As a Canadian, the absence of hockey is devastating to say the least. Even if yourself are not a hockey fan, it is guaranteed that you can name several people on campus who are. It is common to show up to the local Fathers and Sons and find it full of rowdy hockey fans not only enjoying Canada’s national pastime, but enjoying the beverage that comes hand in hand with it: beer. The fans are still devastated by the lockout, but this article is not for them. Rather, it is for the people whose livelihood and well-being depend on the game.
For anyone familiar with downtown Montreal and who happened to have been there pre or post game, they are familiar with the electric excitement a hockey game brings to the location, which is enjoyable to even those who detest hockey. But where do those fans go to either celebrate a win, drink away a loss or simply fill their bellies? Peel Street of course ! Indeed any night before, during, after or even for away games, business is booming. The Montreal Gazette writes, “The pub (McLean’s Pub) normally serves about 300 hamburgers in the bustle before a Canadiens' game.” A large number of the businesses in downtown Montreal receive about a 20 percent increase in business during the hockey season. For pubs and businesses that are new and just starting out, that could be the difference between staying open and having to close down. The restaurants are taking steps to ensure profits by either cutting shifts of current employees or just not hiring new staff that they would usually bring on for the season. Not only will the restaurants suffer but so will the hotels, as there will be less fans coming into the city to see games and less people in the city means less people will be using the public transportation and taxi services. While the lockout has managed to allow fans to keep some money in their pockets, needless to say it will have a negative impact on the economic health of Montreal and many other major canadian cities.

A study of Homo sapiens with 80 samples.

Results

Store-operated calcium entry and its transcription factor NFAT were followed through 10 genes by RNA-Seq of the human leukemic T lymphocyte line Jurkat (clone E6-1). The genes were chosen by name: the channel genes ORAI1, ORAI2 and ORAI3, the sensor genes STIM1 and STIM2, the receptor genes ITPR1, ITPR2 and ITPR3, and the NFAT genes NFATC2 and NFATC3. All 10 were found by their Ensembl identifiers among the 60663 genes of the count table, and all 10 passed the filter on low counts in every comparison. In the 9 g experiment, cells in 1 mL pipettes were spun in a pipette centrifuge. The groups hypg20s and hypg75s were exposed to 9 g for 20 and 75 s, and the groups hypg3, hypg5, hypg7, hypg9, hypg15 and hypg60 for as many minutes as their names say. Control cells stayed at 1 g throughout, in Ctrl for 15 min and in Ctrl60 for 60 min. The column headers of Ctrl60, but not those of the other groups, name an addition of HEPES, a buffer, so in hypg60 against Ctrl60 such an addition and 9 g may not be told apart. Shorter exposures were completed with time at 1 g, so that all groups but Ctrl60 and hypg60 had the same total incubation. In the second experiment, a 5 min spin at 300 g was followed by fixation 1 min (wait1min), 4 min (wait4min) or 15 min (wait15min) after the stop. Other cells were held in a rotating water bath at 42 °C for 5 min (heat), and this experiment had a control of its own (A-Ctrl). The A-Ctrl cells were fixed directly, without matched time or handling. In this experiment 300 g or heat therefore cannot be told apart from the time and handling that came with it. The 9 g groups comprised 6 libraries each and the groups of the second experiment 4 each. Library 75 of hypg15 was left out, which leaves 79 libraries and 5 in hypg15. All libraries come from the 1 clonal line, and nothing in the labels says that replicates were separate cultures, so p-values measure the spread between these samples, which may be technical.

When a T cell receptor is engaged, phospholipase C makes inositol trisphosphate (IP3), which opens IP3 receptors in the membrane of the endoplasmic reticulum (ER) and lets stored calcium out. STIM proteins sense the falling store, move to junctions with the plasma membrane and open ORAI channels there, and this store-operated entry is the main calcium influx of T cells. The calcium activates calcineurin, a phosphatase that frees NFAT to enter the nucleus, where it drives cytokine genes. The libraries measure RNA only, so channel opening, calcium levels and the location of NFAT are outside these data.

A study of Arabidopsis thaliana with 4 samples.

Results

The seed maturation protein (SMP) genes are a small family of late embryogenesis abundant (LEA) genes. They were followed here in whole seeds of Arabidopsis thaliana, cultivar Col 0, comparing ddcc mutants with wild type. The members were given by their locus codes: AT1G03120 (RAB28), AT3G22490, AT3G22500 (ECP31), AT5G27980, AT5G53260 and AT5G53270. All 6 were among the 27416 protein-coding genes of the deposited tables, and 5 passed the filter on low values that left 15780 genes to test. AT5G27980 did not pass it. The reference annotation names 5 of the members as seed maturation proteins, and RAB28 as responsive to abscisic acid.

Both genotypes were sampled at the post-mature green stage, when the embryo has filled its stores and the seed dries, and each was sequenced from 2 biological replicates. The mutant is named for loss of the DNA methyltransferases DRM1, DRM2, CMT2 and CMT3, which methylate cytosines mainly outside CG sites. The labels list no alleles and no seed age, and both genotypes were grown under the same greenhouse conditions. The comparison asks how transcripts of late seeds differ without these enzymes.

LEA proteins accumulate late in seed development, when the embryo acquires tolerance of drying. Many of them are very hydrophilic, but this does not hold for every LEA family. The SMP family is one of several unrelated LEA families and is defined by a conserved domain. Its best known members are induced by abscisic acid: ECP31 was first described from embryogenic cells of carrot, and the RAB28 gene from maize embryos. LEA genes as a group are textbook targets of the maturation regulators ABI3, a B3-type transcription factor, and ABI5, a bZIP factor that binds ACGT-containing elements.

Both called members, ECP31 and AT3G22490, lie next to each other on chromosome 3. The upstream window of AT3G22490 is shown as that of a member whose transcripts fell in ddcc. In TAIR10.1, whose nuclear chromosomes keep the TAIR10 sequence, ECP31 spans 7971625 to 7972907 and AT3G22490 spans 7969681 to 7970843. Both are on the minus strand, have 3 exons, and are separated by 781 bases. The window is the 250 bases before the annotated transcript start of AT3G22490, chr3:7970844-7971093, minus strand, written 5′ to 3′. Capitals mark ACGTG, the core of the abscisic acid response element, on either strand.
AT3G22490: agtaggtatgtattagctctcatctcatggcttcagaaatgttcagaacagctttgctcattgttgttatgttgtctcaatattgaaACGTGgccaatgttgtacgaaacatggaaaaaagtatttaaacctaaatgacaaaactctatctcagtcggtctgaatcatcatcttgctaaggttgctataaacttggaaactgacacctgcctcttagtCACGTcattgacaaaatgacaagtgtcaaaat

As the remaining of the NHL season threatens to be cancelled, several cities become at risk of an economic loss. For example, this will be the first year Detroit will be the city holding a Winter Classic. For those of you who do not know, the Winter Classic is a regular season game, that takes place in an outdoor stadium between two teams annually on January 1st. This game would have been between the Detroit Red Wings and the Toronto Maple Leafs, two of the NHL’s biggest earners. The announcement of a Winter Classic between two of the oldest and most celebrated teams in the NHL generated a huge amount of interest, with the Michigan Stadium in Ann Arbour selling out very quickly. CBC has claimed that the city of Detroit is at risk of losing $60 million in revenue and the economic situation of Detroit could really use a boost like the Winter Classic. According to economywatch.com the economy of Detroit is in a very tough position as it has been in an economic slump for some time. Because of this slump, Detroit has had to make several cuts to stay on budget, such as closing schools, which has caused a number of working class people to move out of Detroit and somewhere with better opportunities. The additional $60 million in revenue could go a long way to being reinvested into the city of Detroit, not to mention allow many people to be employed during the festivities of the Winter Classic.
Michigan Stadium in Ann Arbour
In the end, the continuous bickering between the players and the owners over millions of dollars is just part of their own selfish agenda. They do not appear to be taking into account the economic problems they may be causing or the change in lifestyle they are causing to the workers who rely on the NHL as their primary source of income. The true irony here lies in the fact that neither the players nor the owners will be making any sort of money this year and that their actions may cause some financial setbacks. While the big market teams like the New York Rangers, Boston Bruins, Vancouver Canucks, Toronto Maple Leafs, and numerous others have a strong loyal fan following, teams added in recent expansions of the NHL and in new markets like the Stanley cup winners, the Los Angeles Kings, will lose new fans who would be deterred by the lockout. These teams would struggle to fill already sparsely filled arenas and also put a dent in their already low merchandise sales. This will ruin the whole reason the lockout is taking place, profits. This in itself is a paradox as well, since the owners and players are fighting over how to divide hockey related revenue, while every second that the lockout continues threatens all that hockey related revenue potential.
The sad thing is there appears to be no foreseeable end to the lockout. For the University of Ottawa's students, that will mean no student hockey deals this year, no drinking beers while watching Alfredsson and the Senators settle old scores with teams such as Boston and no playful rivalries between friends as their favorite teams take each other on. In the meantime, us Canadians will have to suffer without our favorite past time.